What's With 'Eidulfitr?

Alhamdulillah; All Praise is to Allah The Most Gracious, The Most Merciful. I arrived at Kuching International Airport around 9.00pm today (29 September 2008). My flight was originally scheduled to arrive at 6.45pm, but the flight was delayed and by 6.45pm, we were still at LCCT-KLIA. The plane stalled the take-off for a few minutes to allow for the selling of food and beverages to take place, since it was nearly Maghrib. So, I breaked fast in the airplane today. Talk about fasting, today's already the 29th of Ramadhan. Just one more day left of this blessed month, before everybody starts celebrating and enjoying the festive season of Hari Raya 'Eidulfitr.

I have written in my previous article on the purpose of Ramadhan and the act of fasting, of which those are important to be understood so that the true spirit of 'Eidulfitr can be appreciated, and 'Eidulfitr can be celebrated in the most proper manner. Before I go on any further, please understand that this writing is neither meant to offend anyone, neither condemn anybody specifically. It is meant merely as a reminder upon myself, and for all the Muslims (in Malaysia, specifically) to contemplate upon. Sometimes we are blinded by our ignorance, desires and emotions that we need someone else to "show us the way".

We understand that the true purpose of the act of fasting in Ramadhan is for us (the believers) to achieve "taqwa". Abdullah Yusuf Ali in his translation of the Qur'an uses the term 'piousness' to translate "taqwa"; I will stick to the original term "taqwa" for the term 'piousness' is not entirely descriptive of "taqwa". What is "taqwa", then? Ibn Mas'ud said that achieving "taqwa" in the real sense means that one always obey Allah and never disobeys Him, always in remembrance of Allah and never forgets Him. A "muttaqun" (a person who has achieved "taqwa") is at a higher 'piousness' level than a "mu'minun".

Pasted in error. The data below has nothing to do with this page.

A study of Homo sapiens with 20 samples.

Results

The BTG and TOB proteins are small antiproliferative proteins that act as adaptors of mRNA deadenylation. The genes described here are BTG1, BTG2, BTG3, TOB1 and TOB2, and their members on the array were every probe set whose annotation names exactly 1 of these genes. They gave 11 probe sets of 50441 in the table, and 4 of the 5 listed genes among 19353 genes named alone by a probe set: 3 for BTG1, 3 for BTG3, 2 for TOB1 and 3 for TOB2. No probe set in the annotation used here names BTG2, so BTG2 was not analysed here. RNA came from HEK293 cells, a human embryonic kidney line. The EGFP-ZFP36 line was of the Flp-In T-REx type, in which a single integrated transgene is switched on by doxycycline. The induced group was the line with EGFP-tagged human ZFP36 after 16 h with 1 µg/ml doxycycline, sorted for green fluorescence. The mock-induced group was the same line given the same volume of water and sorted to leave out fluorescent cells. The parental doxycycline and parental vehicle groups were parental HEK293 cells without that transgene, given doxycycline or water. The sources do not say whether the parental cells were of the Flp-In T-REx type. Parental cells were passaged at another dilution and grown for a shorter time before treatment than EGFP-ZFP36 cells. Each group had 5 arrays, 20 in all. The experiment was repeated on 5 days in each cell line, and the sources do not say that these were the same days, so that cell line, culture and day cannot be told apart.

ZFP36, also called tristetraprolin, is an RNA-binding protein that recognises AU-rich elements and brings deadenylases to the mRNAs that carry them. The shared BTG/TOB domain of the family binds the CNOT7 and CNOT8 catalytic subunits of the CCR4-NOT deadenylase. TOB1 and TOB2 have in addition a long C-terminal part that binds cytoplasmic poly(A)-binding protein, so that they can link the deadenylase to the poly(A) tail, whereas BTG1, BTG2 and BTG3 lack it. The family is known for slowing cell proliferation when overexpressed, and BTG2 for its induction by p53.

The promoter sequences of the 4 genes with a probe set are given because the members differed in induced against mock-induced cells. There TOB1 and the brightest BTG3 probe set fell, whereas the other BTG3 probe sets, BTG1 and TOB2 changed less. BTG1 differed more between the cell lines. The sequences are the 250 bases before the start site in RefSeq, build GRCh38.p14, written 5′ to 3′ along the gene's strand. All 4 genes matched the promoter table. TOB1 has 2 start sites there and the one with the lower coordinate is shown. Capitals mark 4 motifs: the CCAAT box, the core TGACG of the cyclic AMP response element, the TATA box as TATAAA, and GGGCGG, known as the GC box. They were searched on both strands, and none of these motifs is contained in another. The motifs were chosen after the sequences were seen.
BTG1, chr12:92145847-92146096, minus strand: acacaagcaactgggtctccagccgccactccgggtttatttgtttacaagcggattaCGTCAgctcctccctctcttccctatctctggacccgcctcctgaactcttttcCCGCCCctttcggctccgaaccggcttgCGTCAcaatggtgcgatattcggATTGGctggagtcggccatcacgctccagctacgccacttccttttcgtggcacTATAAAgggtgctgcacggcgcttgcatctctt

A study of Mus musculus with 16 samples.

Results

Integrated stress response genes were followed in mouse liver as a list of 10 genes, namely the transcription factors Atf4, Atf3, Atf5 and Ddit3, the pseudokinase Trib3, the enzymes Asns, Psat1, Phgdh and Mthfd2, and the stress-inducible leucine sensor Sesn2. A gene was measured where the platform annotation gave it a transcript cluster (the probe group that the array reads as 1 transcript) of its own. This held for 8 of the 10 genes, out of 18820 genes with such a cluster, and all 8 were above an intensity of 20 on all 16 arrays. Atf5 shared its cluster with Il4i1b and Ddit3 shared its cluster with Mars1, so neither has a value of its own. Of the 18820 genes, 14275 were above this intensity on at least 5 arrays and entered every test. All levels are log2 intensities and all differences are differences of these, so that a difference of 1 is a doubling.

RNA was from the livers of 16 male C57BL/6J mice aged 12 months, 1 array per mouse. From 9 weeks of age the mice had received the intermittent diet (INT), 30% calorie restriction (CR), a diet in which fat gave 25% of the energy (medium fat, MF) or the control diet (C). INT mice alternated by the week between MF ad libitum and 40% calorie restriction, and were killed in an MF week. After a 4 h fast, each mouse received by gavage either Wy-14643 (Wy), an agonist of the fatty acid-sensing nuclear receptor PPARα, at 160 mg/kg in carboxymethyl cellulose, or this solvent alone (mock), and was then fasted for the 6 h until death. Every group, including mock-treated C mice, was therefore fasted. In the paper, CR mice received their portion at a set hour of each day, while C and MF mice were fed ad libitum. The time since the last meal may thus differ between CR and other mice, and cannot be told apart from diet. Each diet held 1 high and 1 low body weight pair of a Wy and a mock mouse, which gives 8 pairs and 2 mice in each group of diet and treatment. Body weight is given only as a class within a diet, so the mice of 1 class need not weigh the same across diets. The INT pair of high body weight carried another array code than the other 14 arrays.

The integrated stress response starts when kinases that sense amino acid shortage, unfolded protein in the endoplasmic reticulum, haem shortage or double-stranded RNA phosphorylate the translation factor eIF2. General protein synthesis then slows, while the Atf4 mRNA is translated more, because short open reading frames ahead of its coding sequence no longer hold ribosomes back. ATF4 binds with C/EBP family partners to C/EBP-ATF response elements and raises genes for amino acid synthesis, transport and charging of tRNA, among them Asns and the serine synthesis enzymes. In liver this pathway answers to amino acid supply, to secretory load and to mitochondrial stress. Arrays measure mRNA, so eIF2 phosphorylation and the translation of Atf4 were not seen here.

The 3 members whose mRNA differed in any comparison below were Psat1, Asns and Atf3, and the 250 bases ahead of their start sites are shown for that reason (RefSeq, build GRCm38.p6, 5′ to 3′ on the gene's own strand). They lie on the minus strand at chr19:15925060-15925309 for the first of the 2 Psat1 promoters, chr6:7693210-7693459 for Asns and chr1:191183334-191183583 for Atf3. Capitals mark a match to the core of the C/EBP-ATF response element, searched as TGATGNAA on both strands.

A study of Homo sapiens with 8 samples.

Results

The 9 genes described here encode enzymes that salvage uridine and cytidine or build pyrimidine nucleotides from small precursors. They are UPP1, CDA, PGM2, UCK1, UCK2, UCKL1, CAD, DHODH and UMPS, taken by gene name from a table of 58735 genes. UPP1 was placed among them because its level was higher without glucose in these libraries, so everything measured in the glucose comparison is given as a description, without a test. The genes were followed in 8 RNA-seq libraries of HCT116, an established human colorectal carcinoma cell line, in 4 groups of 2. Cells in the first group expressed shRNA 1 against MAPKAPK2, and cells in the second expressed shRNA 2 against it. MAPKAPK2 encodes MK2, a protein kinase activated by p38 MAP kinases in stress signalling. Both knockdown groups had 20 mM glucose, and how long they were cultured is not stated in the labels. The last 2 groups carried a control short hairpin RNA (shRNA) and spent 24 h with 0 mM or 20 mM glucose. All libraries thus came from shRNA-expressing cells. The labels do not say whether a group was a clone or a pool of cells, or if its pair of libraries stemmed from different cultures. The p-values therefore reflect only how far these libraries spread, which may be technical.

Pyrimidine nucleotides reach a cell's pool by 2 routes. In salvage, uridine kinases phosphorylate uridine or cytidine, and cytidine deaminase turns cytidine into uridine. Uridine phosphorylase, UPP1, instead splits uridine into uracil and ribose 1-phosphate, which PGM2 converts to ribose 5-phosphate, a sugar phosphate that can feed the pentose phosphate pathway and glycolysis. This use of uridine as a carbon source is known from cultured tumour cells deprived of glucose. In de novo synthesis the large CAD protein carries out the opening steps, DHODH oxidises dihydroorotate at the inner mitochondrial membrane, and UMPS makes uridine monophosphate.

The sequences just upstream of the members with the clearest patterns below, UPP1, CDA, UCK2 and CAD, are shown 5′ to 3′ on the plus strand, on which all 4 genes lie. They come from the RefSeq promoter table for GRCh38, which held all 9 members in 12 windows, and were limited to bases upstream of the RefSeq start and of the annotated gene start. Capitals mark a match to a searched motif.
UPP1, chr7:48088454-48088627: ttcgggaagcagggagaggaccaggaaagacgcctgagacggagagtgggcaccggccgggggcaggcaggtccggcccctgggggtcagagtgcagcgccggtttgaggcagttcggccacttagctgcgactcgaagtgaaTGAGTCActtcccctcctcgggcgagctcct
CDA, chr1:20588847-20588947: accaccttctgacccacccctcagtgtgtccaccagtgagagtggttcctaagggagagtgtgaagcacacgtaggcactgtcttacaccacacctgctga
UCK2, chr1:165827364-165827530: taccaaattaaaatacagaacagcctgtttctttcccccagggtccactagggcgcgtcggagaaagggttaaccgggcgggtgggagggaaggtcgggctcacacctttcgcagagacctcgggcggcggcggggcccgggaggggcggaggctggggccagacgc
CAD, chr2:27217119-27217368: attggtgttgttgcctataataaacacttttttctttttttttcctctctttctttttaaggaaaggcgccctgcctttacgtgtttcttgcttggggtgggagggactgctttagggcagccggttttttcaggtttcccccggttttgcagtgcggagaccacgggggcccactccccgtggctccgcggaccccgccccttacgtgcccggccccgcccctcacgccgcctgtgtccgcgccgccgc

Let's leave it at that; further explanations for the concept of "taqwa" can be referred to respective religious scholars (ulama'). What I mean to highlight here is our manner of celebrating 'Eidulfitr. The festive session of 'Eidulfitr is meant to celebrate the successful journey of a muslim to a better level of 'piousness', in other words - in achieving "taqwa". Throughout the month of Ramadhan, muslims are being given the wealth of opportunities to repent and strengthen their spiritual self - to draw closer (in terms of remembrance, obedience, submission) to Allah. In Ramadhan, muslims have the chance to ask for forgiveness for their sins, to purify and cleanse their soul, so that by the end of Ramadhan those who make full use of the blessed will be purified of all sins; thus, they return to the state as if they were newborns - the state of 'fitrah'. Hence, the celebration is named 'Eidulfitr.

Now, that means that 'Eidulfitr is in real terms a highly religious occassion. It is a celebration for us to show our gratitude towards Allah for all the Rahmah given to us during the month of Ramadhan. It is a celebration for successfully undergoing the 'training process' in Ramadhan, and purifying our souls such that it is like new, like the original condition of our souls before we start doing sins - the state of fitrah. So how do we show our gratitude towards Allah? Obviously, by obeying Him and remember Him at all times. Which is why during Hari Raya 'Eidulfitri, we start the day off with the 'takbir', to praise and glorify Allah (in our hearts).

The problem nowadays is, we see the tendency to celebrate Hari Raya 'Eidulfitr as if it is a fun festival of some sort. Hedonism has been the main theme for celebrating 'Eidulfitr. It is not wrong to entertain ourselves during 'Eidulfitr, for Rasulullah s.a.w. permits it, but what is wrong is when the entertainment becomes the main theme for celebrations and does not contribute in terms of helping us to remember Allah. Every time we have 'Eidulfitr celebrations we see our TV stations lining up their menu of movies that will be shown throughout the festive season. We also see concerts, music shows and programs being shown - of which very little are really meaningful. Some may say: tell this to media. Yes, it's true that these comments should be directed to the media. However, we should also remember that TV stations are very much influenced by the public.

So, let us contemplate and give a deep thought on how we celebrate our 'Eidulfitr. I might write another entry on that later on. But for now, I'm getting sleepy. So, it's time for me to doze off. May Allah forgive me for any wrong ideas.